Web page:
Once again it is time for the Winter Olympics! This year the Winter Olympic events will be hosted in Sochi, Russia February 7th– 23rd 2014. As each of the Olympic Games pass, I am always left in awe of the sheer skill and determination that each athlete must possess in their event. Many of these athletes dedicate the majority of their day to training and recovery in order to be at the top of the list. They may even move to specialized Olympic training facility and have sponsors supporting their journey to the winner’s podium. For many, Olympic level training is not a part time, but a FULL time job. In a NutriciseDr.com article, long track speed skater, Shani Davis is mentioned as having spent 6 hours training during his off-season!
While the amount of time spent training seems unfathomable, one undeniable fact is that many Olympians have what most would consider an ideal body type due to training and nutrition. But when you start crunching numbers about the amount of time that is dedicated, to cardio, strength and sport specific training, that amount of time for training is simply NOT possible.
BUT WAIT- before you reach for that bag of donuts, all is not lost! YOU can be on track to a better body by implementing and modifying some of the same strategies that the Olympians use when getting in the best shape of their lives. Below you will find 5 tips and tricks to build an Olympic athlete physique!
1.Cardio Respiratory Training- The America College of Sports Medicine (ACSM) recommends cardio respiratory training 3-5 days a week. The intensity of your training should be within 55/65%-90% of Max Heart Rate. The duration of the exercise should be 20-60 minutes of continuous (or 10 minute intervals) training per day. Low intensity training should be 30 min or more, while higher intensity training should be performed for a minimum of 20 minutes.
2.Strength Training– Aim to perform 2-3 days a week of progressive load training. Progressive load training means that as you become stronger, you add more weight in order to challenge yourself and increase muscular strength. The ACSM recommends 1 set of 8-10 exercises performed for 8-12 repetitions. These exercises in combination should target all major muscle groups.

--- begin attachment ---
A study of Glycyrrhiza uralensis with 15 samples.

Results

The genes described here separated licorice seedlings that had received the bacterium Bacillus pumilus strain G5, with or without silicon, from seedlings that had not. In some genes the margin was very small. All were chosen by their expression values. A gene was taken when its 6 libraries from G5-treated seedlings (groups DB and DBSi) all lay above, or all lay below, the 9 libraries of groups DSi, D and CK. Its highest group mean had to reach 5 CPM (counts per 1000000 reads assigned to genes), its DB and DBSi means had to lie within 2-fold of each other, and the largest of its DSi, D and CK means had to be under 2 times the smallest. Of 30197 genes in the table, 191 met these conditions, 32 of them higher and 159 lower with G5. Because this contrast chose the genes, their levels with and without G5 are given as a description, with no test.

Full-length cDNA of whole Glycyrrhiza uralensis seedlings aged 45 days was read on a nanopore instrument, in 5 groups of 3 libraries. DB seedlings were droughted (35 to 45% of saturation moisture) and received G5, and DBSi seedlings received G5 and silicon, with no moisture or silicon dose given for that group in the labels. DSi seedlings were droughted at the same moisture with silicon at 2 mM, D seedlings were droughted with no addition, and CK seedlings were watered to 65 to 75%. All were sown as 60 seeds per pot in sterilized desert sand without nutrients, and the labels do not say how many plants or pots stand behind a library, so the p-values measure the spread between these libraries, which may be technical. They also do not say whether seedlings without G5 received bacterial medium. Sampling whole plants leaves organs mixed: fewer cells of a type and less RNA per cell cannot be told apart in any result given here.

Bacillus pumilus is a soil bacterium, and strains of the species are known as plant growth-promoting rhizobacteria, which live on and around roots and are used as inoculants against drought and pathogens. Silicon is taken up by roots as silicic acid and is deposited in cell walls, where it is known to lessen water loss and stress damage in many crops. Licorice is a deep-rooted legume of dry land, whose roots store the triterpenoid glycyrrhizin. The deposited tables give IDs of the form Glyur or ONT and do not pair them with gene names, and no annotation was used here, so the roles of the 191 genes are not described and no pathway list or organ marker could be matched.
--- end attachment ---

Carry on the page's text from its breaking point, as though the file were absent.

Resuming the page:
3.Flexibility– Try to stretch all major muscle groups 2-3 days per week. According to the ACSM, this will help develop and maintain your range of motion. Working on flexibility will help in your training, relieve stiff muscles and aid in recovery.
4.Specificity Training– If you have a sport specific goal. Make sure that you spend time working on aspects of your fitness that are directly correlated with your desired performance. For example, if you are wanting to run a 5k, your cardio and strength training will help you have the fitness level to complete the race. By performing specificity training, you should ensure that some of your training involves running the 5k distance and trying to get better each time you run that distance.
5.Nutrition– For many, the most difficult part of changing your body composition is changing your diet. When trying to make adjustments to your nutrition, start with small attainable goals. Such as: Only eating out twice a week as opposed to seven days a week. Drink more water. Keep healthy snack alternatives on hand with you rather than nose diving into the vending machine. Also, try not to make foods “forbidden” or “bad”, this socially constructed terminology leads people to restrict eating certain types of food and in many cases giving into the temptation and binging/overeating more than they would have in the first place.
As you can see, with a little bit of guidance and determination, you can make small steps into toning and sculpting your physique. Try some of the tips listed above and keep track of your progress for ultimate success!
Share your training strategies in the comments section below!